I wanted to write today and say that I made chicken livers last night with a recipe from the Nourishing Traditions Cookbook and that I loved them as much as I have loved the other recipes from that book. I wanted to say that I would now be able to incorporate healthy organ meats into our diet at least a few times a month. The truth is I fumbled through making them wondering how you are supposed to slice livers as small as ¼ of an inch thick. Successfully, not gagging as I looked at the livers, able to tell which ones were healthier livers (in life) than the others. Then, at dinner I gagged down four bites being reminded of the time I was present for a neighbor’s hog-killing and the taste of the livers brought back the smell of the hog intestines so clearly. I gave it my best effort. I ate my baked potato and peas and threw in the towel.
We told Ro they were chicken nuggets, but she ate a few and also gave it up, asking for a rollie sandwich. My man ate most of his somehow finding a way to eat them without becoming sick to his stomach. He had ate them before. We won’t be having them again.
We have been eating a Traditional Foods diet for four or five months now. I’m loving it! It makes so much sense and it has made me love cooking and feeding my family. I could go on and on about how cheap food and big companies like ConAgra have made us a food-like substance eating nation instead of a food eating nation. It’s obvious to me now why we are so diseased and overweight.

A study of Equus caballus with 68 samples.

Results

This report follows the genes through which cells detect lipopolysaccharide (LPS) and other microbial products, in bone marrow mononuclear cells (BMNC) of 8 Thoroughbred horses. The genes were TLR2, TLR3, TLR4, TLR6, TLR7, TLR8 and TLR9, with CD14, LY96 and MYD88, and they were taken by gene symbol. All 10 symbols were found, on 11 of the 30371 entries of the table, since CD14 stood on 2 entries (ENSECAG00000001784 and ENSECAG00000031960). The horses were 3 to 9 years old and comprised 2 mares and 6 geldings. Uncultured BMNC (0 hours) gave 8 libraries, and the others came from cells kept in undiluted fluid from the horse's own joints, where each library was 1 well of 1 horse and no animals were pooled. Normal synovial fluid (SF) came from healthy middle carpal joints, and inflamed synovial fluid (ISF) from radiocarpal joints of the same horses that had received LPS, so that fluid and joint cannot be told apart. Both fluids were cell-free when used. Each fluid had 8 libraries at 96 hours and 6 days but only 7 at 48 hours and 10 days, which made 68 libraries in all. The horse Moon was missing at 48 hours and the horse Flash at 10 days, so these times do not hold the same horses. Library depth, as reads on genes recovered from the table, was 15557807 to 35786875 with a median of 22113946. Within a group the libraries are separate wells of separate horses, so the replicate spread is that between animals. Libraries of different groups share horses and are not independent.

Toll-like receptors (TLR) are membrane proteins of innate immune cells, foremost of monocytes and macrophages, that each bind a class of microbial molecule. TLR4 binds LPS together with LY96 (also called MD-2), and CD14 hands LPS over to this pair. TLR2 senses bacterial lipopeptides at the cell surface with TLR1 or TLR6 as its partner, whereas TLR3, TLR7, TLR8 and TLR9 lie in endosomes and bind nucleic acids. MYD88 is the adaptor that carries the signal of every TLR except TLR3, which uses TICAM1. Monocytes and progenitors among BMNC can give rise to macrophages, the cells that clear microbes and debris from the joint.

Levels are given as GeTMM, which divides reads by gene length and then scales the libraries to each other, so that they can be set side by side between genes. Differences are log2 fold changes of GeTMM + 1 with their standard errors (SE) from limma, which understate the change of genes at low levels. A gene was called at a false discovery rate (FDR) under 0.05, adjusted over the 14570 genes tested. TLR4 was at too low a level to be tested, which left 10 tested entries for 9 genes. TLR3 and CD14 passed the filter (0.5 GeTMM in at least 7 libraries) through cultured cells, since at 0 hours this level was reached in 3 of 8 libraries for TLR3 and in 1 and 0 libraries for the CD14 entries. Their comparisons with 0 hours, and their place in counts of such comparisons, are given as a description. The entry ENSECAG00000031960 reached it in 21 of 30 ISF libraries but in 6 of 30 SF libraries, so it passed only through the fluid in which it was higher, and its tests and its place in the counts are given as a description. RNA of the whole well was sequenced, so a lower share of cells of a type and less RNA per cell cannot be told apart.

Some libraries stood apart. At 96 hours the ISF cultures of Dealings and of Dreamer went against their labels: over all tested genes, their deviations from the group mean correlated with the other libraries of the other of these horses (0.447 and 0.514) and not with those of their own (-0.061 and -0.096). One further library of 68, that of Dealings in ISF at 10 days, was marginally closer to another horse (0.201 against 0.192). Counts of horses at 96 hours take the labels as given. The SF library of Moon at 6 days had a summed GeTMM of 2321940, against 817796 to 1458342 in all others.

The guidelines of the diet are extensive, but simple. Basically, if your great-great grandmother wouldn’t recognize it – don’t eat it. White refined sugar and flours are out. Whole milk, real butter, lard, coconut oil, the really good stuff – all in. And… organ meats are very good for you. (We can’t be perfect.)
I know this diet is the right one for us. I have lost all my baby weight plus. I’m at a weight that I’m satisfied with, and still losing. Exerting myself has become fun. I enjoy eating more than ever, and am satiated by the food I eat. I have found cooking to be a great combo of art and science that is fulfilling. The historian in me is loving researching the traditional Appalachian and Cherokee diets as that is what my body is predisposed to tolerating. So, the liver thing was of no fault to Sally Fallon (author of the NT Cookbook and president of the Weston A. Price Foundation) and her recipe. It was the liver’s fault.
There is something rewarding in harkening back to the people that first settled these hills. That made the decision to take up life away from the rest of the world and made it work. It is awesome when you again see proof that industrialization was trying to fix something that wasn’t broke. (No, I don’t believe industrialization is fruitless.) I just won’t be making chicken livers a tradition in this house.
This entry was written while rocking Plo and typing mostly one-handed. It is an acquired talent. As a mama you’ll find yourself multi-tasking in many unheard of ways.